A partnership between Russia and China is emerging in which the two repressive regimes will try to make the world serve their needs, according to a lawmaker whose tiny nation is fearful of renewed Russian aggression.
“Everything is being coordinated with China,” Lithuanian legislator Matas Maldeikis told Breitbart in an interview published Sunday.
“Putin, along with China, is trying to create a New World Order, in which the rules of the world are created in Beijing and Moscow. Ukraine is just a part of this plan. Taiwan also,” he said.
Russia conquering Ukraine, he said, would be a first step toward a Russo-Chinese alliance displacing the U.S. as the world’s top power.
Maldeikis, a member of the Lithuanian parliament since 2020, told Breitbart he thinks Russian leader Vladimir Putin’s plan is to recover former pieces of the Soviet Union and that in five to seven years, Russia will be trying to regain the Baltic nations — Latvia, Estonia, and Lithuania — that were freed when the Soviet Union collapsed.
“Putin will tell the president of the U.S. — whoever it will be then — that he should give Baltics to him or he will use nukes against Europe and America. The president will then have to make a decision,” he said.
Ukrainian resistance could be the rock upon which Putin’s grand plan founders, he said,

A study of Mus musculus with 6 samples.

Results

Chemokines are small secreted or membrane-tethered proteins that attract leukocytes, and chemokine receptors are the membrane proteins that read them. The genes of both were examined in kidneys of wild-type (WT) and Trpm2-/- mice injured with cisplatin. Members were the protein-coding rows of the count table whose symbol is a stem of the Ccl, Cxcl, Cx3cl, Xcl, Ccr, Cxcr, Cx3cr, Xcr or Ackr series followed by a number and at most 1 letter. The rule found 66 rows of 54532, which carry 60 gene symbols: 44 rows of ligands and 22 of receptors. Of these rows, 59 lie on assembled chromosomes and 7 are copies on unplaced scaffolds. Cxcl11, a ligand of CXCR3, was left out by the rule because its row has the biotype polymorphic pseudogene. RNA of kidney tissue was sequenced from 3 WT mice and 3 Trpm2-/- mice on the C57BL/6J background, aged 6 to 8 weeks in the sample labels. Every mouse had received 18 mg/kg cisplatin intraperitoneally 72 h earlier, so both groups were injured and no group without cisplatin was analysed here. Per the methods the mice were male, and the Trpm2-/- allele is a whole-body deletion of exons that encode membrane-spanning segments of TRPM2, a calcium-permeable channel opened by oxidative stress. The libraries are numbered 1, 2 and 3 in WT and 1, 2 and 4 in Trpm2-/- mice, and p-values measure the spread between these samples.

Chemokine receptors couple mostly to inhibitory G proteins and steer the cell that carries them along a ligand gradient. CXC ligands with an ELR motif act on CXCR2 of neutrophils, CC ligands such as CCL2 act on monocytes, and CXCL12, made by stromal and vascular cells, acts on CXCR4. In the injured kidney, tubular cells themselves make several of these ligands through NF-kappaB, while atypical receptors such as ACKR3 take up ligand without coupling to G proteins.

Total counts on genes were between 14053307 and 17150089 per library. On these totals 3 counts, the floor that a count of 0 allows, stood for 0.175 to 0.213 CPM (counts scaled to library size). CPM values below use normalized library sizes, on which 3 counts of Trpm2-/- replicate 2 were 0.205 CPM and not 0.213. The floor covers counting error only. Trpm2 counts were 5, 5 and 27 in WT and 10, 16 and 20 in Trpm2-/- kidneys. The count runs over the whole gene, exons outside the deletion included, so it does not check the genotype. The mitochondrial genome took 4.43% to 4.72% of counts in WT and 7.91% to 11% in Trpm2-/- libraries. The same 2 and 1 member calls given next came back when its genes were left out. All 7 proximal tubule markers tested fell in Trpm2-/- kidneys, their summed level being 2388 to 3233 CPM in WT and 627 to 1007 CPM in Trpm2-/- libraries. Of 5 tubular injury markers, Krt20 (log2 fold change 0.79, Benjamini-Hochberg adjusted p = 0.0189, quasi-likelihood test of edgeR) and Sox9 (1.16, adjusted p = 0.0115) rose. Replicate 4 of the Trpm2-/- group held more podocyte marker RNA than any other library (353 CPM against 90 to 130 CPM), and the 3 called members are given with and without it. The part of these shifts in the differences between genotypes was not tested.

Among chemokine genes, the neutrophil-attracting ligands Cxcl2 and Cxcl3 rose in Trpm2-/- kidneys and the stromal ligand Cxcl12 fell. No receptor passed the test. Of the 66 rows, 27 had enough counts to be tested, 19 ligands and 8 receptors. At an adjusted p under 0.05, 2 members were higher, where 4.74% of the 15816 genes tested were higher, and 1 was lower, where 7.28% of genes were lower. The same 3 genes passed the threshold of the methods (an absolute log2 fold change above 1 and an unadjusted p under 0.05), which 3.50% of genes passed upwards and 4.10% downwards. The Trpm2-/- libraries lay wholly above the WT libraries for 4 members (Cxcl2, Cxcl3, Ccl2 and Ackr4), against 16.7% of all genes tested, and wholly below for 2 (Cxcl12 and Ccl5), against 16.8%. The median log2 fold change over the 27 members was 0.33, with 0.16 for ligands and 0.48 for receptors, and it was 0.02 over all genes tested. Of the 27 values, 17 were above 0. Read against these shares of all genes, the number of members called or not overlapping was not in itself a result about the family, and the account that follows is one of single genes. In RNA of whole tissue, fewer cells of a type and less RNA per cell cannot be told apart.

If Ukraine, overmatched on paper by the vast Russian army, can hold out for a month, Russian politics will turn on Putin, and “Putin will be dead in Russia,” Maldeikis predicted
“Let’s be realistic – we can’t help with military intervention, but we should help them with arms. We must help Ukraine with arms as much as possible and pray for Ukrainian men fighting for a free Western world,” he said.
Efforts announced Saturday to ban Russia from the SWIFT international financial system are necessary to “make Moscow bleed financially,” Maldeikis told Breitbart.
The fate of Taiwan is also hanging in the balance, he said. China considers the island a part of its nation.
“There are too many parallels between Ukraine and Taiwan for us not to see them,” Maldeikis said.
“Russia and China have a deal to have each other back on attacking Ukraine and Taiwan. Russia saw that opportunity and started a war and China is waiting for such a window,” he said.
Maldeikis noted that Russia’s current failure to move through Ukraine unopposed could change the calculations for China, saying that in light of the Ukrainian resistance, the communist nation might be realizing “it does not have enough military power to take Taiwan.”
“I don’t think this is good for anybody,” Wang Huiyao, president of the Beijing-based Center for China and Globalization, told the Times. “Conflict is not a solution, and China doesn’t want to see things deteriorate.”
“It’s really going to be an acid test,” said John Culver, a retired Central Intelligence Agency officer. “It’s going to demonstrate whether China would really support Russia and provide economic support in violation of sanctions, or even face sanctions itself.”